There is a new top candidate for the best place to search for life outside our Solar System. Announced in Nature on April 20th 2017, LHS 1140b is a super-Earth in the habitable zone of a nearby small star. This is the story of that discovery and the role PEST played.
29th July 2016. Joey Rodriguez, whom I know from working with KELT, emailed Ivan Curtis (another Australian amateur astronomer) and me to ask if we would be interested to observe a candidate from MEarth, with a predicted transit on 7th August. The candidate planet was a super-Earth with a suspected ~25 day period. Right up the PEST alley, so I said yes.
Shortly after, Jonathan Irwin (MEarth) sent me target information. The star was LHS 1140. At first glance, the star seemed too dim to get good precision. V = 14 is equivalent to a candle 400km away. But look again; Ic = 11. Well that’s more like it! The star is much brighter in infra-red than in visible light, so that’s what PEST will observe in.
“We have three slightly iffy partial transits from MEarth-South that predict this ephemeris, the main aim here is confirmation that there is a transit in the predicted window. The ephemeris is the main missing piece of the puzzle holding back further progress (it’s already radial velocity confirmed)…”
The MEarth telescopes had first seen a possible transit on 15th Sept 2014. At the time, this tiny dip in the light at the start of the transit caused the MEarth computers to immediately trigger more intensive observations than the normal frequency of 30 mins per target star. But at the time, no human noticed the transit. Many triggers are due to wind or other changes in atmospheric conditions, so this event was lost in the crowd.
It was only a year later, when Jason Dittmann (lead author of the paper, then a graduate student at Harvard) applied a new machine learning technique to the data that this transit popped up as being credible. Of course seeing one possible transit does not confirm it is real. But it was credible enough that MEarth commissioned radial velocity measurements using the HARPS instrument. HARPS, run by the European Southern Observatory and located in Chile, is the world’s premier planet hunting spectrograph which measures the wobble of stars such as caused by an orbiting planet.
HARPS intensively observed LHS 1140 starting in Nov 2015. On 19th June 2016 it happened again – two MEarth telescopes caught another transit. Armed with transit as well as radial velocity data Dittmann and team identified 3 potential periods for the planet. One of these, 25 days, meant that a transit observable by MEarth would have taken place on 23rd Dec 2014. Indeed, inspection of data from that night showed a few points suggestive of a transit – but it wasn’t definitive. To confirm this 25 day period, another transit would have to be caught. The next one predicted was 7th August 2016, observable from Australia.
The Perth weather forecast for 7th August: “Very high chance of showers with a cold front coming through”. Ivan Curtis in Adelaide did not have much luck either – “The sky is not looking good right now, and the forecast is poor”. Irwin wrote back to say, “I’ll look into possibilities for the next event, which is 1 September”.
On 29th August I wrote to Irwin, “After some bad weather the last few weeks, there might be a break with 1st Sept forecast to be ‘mostly sunny’.” But the 1st Sept transit had a predicted mid-point of 9:50 pm Perth time, whereas the star would be high enough for me to observe only at 10 pm. This meant that if the transit was on time, I would only be able to capture half of it.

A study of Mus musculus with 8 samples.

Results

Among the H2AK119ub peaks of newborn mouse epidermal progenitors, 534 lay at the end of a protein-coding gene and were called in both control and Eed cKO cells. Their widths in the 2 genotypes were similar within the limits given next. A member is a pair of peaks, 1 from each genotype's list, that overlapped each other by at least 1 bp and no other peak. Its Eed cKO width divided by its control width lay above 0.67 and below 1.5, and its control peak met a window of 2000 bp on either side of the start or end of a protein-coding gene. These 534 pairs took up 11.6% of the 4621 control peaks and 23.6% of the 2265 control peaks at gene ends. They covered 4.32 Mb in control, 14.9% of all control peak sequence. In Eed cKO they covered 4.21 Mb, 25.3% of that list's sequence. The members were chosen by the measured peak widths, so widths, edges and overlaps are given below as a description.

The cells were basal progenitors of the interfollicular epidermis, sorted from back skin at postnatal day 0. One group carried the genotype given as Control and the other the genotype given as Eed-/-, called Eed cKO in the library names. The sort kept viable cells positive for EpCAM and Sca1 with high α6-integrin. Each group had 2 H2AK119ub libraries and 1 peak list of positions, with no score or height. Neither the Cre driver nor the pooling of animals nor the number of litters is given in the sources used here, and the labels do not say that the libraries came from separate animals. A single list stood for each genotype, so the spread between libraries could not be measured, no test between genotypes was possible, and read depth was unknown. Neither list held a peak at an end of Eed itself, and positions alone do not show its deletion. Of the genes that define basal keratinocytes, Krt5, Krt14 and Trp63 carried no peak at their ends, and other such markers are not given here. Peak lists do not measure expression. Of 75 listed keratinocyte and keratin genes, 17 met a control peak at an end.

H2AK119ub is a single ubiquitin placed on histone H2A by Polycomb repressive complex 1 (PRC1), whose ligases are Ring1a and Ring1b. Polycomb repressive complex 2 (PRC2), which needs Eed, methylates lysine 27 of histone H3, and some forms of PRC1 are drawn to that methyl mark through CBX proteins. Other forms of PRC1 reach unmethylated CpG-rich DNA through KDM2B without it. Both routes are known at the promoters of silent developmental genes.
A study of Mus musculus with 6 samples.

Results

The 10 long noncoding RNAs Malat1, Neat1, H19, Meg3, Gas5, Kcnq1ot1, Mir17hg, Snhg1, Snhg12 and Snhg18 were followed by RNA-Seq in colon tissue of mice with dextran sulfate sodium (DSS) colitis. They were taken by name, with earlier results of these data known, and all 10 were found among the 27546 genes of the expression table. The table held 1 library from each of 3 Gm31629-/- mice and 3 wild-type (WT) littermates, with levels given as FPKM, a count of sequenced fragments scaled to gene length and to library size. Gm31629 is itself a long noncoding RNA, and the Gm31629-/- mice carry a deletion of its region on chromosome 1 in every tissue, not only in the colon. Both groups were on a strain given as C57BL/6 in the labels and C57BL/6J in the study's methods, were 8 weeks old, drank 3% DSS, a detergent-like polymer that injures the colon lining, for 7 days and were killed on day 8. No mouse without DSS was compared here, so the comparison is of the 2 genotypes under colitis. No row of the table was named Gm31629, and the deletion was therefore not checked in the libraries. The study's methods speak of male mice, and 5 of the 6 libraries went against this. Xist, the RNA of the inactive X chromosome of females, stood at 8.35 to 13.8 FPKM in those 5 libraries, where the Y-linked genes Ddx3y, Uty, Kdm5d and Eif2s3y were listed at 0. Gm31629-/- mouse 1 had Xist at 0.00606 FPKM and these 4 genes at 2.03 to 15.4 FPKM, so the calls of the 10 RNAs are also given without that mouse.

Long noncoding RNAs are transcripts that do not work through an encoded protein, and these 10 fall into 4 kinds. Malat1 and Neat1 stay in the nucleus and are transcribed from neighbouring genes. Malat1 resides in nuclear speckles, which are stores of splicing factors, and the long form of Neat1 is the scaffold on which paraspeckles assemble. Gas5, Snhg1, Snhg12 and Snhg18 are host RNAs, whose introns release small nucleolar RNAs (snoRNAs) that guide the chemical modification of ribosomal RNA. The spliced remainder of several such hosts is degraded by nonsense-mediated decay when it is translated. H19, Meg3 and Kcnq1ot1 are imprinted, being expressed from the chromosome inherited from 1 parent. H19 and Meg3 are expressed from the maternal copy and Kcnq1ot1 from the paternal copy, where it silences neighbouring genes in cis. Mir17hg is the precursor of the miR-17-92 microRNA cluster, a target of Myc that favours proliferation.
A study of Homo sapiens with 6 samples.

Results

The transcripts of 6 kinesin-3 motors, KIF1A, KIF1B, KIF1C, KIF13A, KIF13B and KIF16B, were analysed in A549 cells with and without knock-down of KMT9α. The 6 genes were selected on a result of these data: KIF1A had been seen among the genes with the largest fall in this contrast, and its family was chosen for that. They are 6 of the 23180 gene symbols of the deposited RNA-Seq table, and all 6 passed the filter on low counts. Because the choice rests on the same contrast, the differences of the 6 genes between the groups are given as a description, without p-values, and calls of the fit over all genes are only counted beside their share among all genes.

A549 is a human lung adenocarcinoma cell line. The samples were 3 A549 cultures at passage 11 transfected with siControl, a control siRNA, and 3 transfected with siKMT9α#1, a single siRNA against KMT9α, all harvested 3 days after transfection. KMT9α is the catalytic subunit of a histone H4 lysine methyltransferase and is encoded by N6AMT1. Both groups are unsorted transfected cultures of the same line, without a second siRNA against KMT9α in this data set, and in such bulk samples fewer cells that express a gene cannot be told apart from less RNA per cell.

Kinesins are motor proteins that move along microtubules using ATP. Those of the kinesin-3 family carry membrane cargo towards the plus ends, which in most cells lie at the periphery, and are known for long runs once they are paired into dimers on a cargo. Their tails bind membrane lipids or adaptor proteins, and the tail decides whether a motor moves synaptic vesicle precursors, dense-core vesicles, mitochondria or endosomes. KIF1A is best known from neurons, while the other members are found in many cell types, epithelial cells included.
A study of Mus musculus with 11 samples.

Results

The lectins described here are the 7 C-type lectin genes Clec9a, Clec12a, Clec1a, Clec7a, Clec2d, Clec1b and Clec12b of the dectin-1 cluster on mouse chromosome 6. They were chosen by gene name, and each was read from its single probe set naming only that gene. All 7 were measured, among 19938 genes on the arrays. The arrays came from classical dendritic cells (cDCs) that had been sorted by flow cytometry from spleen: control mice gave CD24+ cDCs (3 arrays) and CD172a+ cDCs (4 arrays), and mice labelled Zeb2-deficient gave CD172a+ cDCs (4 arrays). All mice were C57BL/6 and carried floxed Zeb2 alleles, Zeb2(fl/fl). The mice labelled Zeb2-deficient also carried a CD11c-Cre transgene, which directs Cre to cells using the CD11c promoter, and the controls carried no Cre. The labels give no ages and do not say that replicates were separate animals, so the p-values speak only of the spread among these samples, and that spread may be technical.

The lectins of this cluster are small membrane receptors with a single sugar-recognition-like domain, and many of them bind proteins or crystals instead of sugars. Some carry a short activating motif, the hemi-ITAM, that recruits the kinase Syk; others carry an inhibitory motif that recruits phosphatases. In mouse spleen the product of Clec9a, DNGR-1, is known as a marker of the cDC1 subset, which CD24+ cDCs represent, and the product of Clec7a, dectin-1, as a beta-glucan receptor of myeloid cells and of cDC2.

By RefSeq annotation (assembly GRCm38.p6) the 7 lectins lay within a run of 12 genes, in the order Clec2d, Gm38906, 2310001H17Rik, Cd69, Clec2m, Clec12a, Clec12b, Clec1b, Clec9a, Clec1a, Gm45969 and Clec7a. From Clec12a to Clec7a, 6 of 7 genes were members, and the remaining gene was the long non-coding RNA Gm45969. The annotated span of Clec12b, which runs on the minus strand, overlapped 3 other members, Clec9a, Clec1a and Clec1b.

My location was not ideal. Telescopes in eastern Australia or even further east, would be better placed. Irwin had made alternative arrangements, “We’ve organised a campaign from Mt Kent, Siding Spring and Hawaii to try to target most of the window, however if you did still want to try observing this a robustly detected egress may be enough”. In other words, six telescopes were lined up but he would take what he could get. Dittmann remembers this as being a “frantic night”.
The night of 1st Sept turned out to be perfect with clear skies. PEST was programmed that evening to turn its stare towards LHS 1140 as soon as it was high enough, and to observe through the night. Data trickled into my home office computer as I slept.
After work the next day I worked through the data. This chart, each dot representing one measure of the brightness of the star, was the result.
Most of the points were at about the same brightness level – except for about a dozen points at the start. The difference was minute – just 0.5%, but consistent with what MEarth had seen. Could this be real? Sometimes other effects masquerade as a signal. I poked at the data, changing parameters, to see if the signal could be made to disappear. The signal stubbornly persisted.
An email went back to Rodriguez and Irwin with the tell tale light curve and,
“Transit egress seen at ~HJD +7633.12. Depth about 5 mmag.”
If PEST had started to observe just half an hour later, I would have missed the transit. We had it – we had confirmed the period of LHS 1140b to be 24.7 days. None of the other telescopes lined up to observe were able to, mostly because of weather.
The period of the planet was now in hand. MEarth observed two more transits, later that September, and in October 2016. All the photometric and radial velocity data converged towards LHS 1140b being a rocky planet in the habitable zone of a small, placid, red star. The faint blue fringe in the artist’s impression above captures our hope for a life-sustaining atmosphere.